Lavenham

Lavenham: The English Village I Fell in Love With

We all know the famous images of small villages in England starring adorable cottages, curving roads, and the occasional sheep grazing in the meadows. Especially the Cotswolds are known for these typical English scenes. Movies like Bridget Jones’s Diary and the television adaptations of Jane Austin’s novels make you believe that the Cotswolds are the place to be. But don’t just focus on this region, as there are plenty of other areas where you can immerse yourself in romance and history.

Lavenham The Greyhound

Lavenham

Lavenham for example is a small town in Suffolk that we found while driving through the English countryside. We just spent an amazing day in Cambridge: one of the most famous university cities of the United Kingdom. However, we weren’t ready to return to our campsite yet. It was April and we drove past hundreds of yellow fields of oilseed rape. Of course I had to go out of the car to surround myself with the beautiful flowers. Later I learned that the oil that is derived from these flowers is used in the production of everyday products like oil that is used for cooking and food processing.

oilseed rape

Afternoon tea

It was already 4:30pm when we passed the ‘Lavenham’ sign. We immediately noticed that this town had to be something of interest. The houses were… different in this place. I quickly grabbed my Lonely Planet (my Travel Bible), which described Lavenham as ‘one of East-Anglia’s most beautiful and rewarding towns.’ Those kinds of descriptions definitely hold a promise! As it was quite late in the afternoon already – time flies when you’re having fun! – we decided to park the car and find a tea room for a cup of tea.

Lavenham street

While walking through town we couldn’t stop staring at the cottages. The 300 medieval houses in Lavenham are a combination of half-timbered, pargeted and thatched. Walking around this magnificent town feels like you’ve stepped back in time. Only the cars driving through some of the streets give away that it’s the twenty-first century and not the fourteenth. Some of the houses are crooked. So crooked even that I was surprised that the facade is still standing upright.

Lavenham square

Crooked House

We ended up at ‘The Crooked House’ which is the most crooked house I have ever seen in my life.  As you can see in the picture, the building was home to a tapestry gallery when we visited, but nowadays it houses a tea room. We found a tea room however a bit down the street and enjoyed a wonderful cuppa and scones with clotted cream.

PIN IT!

Crooked House

Harry Potter

While scrolling through these pictures, maybe some of them look familiar to you? Especially when you’ve watched the Harry Potter sequels, you must recognize some of the houses in the pictures. The village was used as the setting for the Godric’s Hollow scenes in Deathly Hallows Part 1. This was a choice that makes absolute sense. Due to its history and the unique architectural style of the buildings, the village breaths this sense of magic that is present in the Harry Potter movies as well.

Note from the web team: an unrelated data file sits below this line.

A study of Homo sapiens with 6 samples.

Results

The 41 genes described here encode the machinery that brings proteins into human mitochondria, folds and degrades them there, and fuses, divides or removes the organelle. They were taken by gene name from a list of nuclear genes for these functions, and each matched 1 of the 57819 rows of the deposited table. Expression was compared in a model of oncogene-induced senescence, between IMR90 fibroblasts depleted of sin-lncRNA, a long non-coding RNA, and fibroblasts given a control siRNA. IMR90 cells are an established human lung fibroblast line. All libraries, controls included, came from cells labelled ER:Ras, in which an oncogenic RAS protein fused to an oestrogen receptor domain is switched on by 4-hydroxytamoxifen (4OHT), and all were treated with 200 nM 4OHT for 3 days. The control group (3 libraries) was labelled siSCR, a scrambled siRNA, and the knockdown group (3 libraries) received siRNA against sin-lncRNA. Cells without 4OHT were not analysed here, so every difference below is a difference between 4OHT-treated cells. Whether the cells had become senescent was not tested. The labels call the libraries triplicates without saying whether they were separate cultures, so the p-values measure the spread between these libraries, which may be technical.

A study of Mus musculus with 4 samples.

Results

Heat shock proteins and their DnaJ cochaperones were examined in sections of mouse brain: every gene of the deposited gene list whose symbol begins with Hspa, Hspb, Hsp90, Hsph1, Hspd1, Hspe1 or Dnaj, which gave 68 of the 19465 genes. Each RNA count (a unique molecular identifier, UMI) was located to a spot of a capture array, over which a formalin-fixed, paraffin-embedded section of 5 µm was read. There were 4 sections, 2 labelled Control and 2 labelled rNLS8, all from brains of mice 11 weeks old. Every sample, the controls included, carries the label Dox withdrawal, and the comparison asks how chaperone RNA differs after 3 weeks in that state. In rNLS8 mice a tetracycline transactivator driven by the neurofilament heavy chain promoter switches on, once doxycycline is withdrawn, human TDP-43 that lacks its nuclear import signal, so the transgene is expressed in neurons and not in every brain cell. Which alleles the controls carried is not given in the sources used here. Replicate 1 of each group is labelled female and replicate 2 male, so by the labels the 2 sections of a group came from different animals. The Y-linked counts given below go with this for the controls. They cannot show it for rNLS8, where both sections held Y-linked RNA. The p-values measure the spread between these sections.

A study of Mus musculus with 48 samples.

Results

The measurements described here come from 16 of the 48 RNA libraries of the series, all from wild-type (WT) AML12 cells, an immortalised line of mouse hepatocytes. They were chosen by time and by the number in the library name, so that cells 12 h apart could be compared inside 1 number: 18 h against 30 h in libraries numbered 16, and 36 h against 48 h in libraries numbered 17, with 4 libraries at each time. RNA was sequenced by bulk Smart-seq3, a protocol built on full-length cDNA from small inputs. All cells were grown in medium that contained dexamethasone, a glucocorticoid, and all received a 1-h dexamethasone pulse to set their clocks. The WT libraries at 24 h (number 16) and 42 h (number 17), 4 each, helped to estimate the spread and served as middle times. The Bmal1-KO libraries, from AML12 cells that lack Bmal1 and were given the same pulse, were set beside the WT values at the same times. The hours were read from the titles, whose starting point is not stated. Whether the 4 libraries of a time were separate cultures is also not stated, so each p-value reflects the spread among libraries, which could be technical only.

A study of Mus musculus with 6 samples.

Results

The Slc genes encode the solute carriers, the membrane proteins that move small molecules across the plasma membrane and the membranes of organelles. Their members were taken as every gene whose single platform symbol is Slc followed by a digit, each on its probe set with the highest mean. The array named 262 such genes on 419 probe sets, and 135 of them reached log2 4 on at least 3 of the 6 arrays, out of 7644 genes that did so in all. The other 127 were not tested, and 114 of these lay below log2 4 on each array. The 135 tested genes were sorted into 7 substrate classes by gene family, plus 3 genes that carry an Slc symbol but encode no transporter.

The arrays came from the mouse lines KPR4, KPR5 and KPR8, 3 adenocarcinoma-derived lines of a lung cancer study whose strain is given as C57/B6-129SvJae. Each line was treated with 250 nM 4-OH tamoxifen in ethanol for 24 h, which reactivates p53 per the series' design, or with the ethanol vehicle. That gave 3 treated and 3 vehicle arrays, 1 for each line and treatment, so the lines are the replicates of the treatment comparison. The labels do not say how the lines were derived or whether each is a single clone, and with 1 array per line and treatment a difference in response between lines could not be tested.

The Swan Lavenham

We finished our tea about an hour later and headed back to the car. I could have stayed in the little town for hours and hours, to take pictures and just gaze at the impossibly crooked buildings, wouldn’t it be for the fact that it became dark and we had to head back to the campsite we stayed at. Lavenham proved to be yet another jewel that we found in East-Anglia, and probably the most photogenic one at it.

Lavenham

 


    Wow, it looks beautiful there! I love all the little villages around England. They’re straight out of a storybook!

    • It really was beautiful. I’d love to go back one day. Exactly, very pretty and romantic.

  • Great post Maaike – England does have some beautiful places (doesn’t stop me wanting to head off somewhere else as soon as possible though ;). I can really recommend Turville in Buckinghamshire as a village to visit. The Vicar of Dibley was filmed here (classic) and the Chitty Chitty Bang Bang windmill stands proud on the hill. Definitely worth a trip :). I’m planning on writing a post about it in the coming weeks so keep your eyes pealed! Looking forward to reading more about your travels.

    • Hi Gabrielle, thank you so much for your lovely comment! I really appreciate it. Yes, you’re absolutely right, England does have some gorgeous places. I can’t seem to get enough of these charming villages. I haven’t heard of Turville before, so thank you for the recommendation 🙂 I’m adding it to my (evergrowing) list. I will definitely keep an eye out for your post about it. Looking forward to reading it!

  • These are the English discoveries that I adore too – such a pretty stop off!!

    • Absolutely! And the UK is perfect for these kind of charming towns. Thanks for visiting Emma!